Fuseworks Media
Canterbury students to support advanced research aircraft operating

Six University of Canterbury students have been given a once in a lifetime opportunity to be involved in major international research led by some of the world’s leading atmospheric scientists.

The research involves one of the world’s most advanced atmospheric research aircrafts which arrives at Christchurch International Airport this month.

The geography, physics and engineering students will be working alongside United States scientists and students, releasing balloons with meteorological instruments attached to them at Hokitika, starting from tomorrow (Monday, June 2) to mid-August to provide vertical profiles of the atmosphere immediately upwind of the Southern Alps.

Other students will be working at a receiving station on the University’s Physics building and at the Christchurch airport operations centre. Other instrumented sites that involve the University include a radar at Birdling’s Flat and at the Mt John Observatory in Tekapo.

The students will be assisting scientists who will take the advanced US research jet to an altitude of up to 14 kilometres above the Earth’s surface into the lower stratosphere. Scientists will be making measurements every second from take-off, with support from University of Canterbury students on the ground.

It is not often that our students have the opportunity to work alongside such a large and prestigious international research team. I expect that they will remember this experience for a long time,’’ University of Canterbury geography Professor Andy Sturman says.

The research jet is a specially equipped Gulfstream V, owned by the US National Science Foundation and operated by US National Centre for Atmospheric Research.

The jet, known as the High-performance Instrumented Airborne Platform for Environmental Research (HIAPER), has a range of about 11,000 kilometres, which allows scientists to traverse large regions of the Pacific Ocean without having to refuel.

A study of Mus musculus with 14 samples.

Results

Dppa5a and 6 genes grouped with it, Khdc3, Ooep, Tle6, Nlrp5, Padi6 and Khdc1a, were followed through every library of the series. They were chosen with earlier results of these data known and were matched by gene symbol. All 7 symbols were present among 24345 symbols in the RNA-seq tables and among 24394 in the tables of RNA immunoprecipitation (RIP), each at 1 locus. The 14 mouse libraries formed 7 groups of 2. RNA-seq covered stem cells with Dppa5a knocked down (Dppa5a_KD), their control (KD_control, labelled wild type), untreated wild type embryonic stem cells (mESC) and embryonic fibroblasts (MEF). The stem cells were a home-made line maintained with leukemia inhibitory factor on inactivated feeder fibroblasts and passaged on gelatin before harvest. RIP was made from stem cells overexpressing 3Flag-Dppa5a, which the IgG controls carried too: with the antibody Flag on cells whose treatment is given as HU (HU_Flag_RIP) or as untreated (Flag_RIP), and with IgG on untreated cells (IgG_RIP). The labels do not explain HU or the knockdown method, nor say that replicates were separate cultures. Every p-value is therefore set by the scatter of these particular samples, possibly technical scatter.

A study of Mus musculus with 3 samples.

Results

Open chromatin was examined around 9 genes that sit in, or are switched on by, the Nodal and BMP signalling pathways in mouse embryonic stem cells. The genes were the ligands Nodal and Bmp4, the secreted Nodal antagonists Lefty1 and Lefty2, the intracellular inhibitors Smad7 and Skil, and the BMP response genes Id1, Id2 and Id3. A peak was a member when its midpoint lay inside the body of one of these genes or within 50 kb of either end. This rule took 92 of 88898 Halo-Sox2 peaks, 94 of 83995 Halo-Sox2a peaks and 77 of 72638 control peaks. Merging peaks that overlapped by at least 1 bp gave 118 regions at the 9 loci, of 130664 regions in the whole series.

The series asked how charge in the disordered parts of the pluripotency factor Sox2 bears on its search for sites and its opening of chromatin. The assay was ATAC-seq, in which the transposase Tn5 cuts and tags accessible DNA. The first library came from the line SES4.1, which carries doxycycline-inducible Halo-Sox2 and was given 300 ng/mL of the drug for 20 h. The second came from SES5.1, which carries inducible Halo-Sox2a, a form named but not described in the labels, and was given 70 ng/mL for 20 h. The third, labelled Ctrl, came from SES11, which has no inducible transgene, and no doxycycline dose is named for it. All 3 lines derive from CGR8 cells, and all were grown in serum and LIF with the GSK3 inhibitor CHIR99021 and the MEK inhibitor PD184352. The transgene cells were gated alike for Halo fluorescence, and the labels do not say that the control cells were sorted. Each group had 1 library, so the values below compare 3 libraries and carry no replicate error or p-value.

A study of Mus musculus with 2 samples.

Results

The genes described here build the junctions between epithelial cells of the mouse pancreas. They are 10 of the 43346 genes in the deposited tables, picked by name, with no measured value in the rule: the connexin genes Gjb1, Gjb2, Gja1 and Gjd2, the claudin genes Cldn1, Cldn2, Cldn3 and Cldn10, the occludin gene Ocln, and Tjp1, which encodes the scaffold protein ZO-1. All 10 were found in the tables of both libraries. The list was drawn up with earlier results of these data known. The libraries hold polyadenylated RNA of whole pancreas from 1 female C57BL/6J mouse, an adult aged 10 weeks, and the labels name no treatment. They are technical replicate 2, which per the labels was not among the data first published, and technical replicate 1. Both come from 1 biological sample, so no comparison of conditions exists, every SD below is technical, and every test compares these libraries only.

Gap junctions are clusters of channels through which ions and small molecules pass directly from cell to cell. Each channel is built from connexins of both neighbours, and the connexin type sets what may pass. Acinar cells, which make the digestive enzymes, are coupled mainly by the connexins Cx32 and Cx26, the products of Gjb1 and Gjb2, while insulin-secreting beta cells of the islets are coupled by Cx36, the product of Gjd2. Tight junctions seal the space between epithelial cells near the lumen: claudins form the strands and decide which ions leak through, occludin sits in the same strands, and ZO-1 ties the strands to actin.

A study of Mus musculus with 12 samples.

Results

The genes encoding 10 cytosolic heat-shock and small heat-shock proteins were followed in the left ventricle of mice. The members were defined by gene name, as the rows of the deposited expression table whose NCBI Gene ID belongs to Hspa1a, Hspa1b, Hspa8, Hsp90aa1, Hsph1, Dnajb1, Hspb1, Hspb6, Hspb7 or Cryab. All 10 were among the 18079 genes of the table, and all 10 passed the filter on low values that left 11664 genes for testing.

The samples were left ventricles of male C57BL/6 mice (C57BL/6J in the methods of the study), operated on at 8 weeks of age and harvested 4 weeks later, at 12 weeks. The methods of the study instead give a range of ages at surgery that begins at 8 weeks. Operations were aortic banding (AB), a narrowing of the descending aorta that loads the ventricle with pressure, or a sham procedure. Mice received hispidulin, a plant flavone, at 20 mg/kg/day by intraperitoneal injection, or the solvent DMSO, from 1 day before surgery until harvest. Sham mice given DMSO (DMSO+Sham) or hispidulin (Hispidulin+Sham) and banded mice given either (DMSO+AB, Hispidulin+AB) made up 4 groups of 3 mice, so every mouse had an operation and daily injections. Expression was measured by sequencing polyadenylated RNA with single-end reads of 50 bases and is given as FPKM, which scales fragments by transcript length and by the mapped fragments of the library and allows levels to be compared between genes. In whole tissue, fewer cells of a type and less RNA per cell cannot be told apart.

It will be used in a research programme to investigate the generation of waves by the Southern Alps and their role in linking the weather near the ground with the upper parts of the atmosphere, resulting in vertical movement of energy and gases through the Earth-atmosphere system, and ultimately their influence on climate variability.

The findings will help scientists determine where and when greenhouse gases move vertically through the different layers of the atmosphere. This will lead to improved predictions about greenhouse gases and enable decisions to be made about their emissions, concentrations and future climate, Professor Sturman says.

The American team will be flying the research jet out of Christchurch airport during June and July, covering large distances over the Tasman Sea, Southern Ocean and the Pacific Ocean so that the extent of the influence of the Southern Alps can be determined.

The public will be able to take a look at the aircraft at an open day at Christchurch airport on June 21. A German team will be flying another research aircraft, the DLR Falcon, from mid-June to mid-July as part of the same project,’’ Professor Sturman says.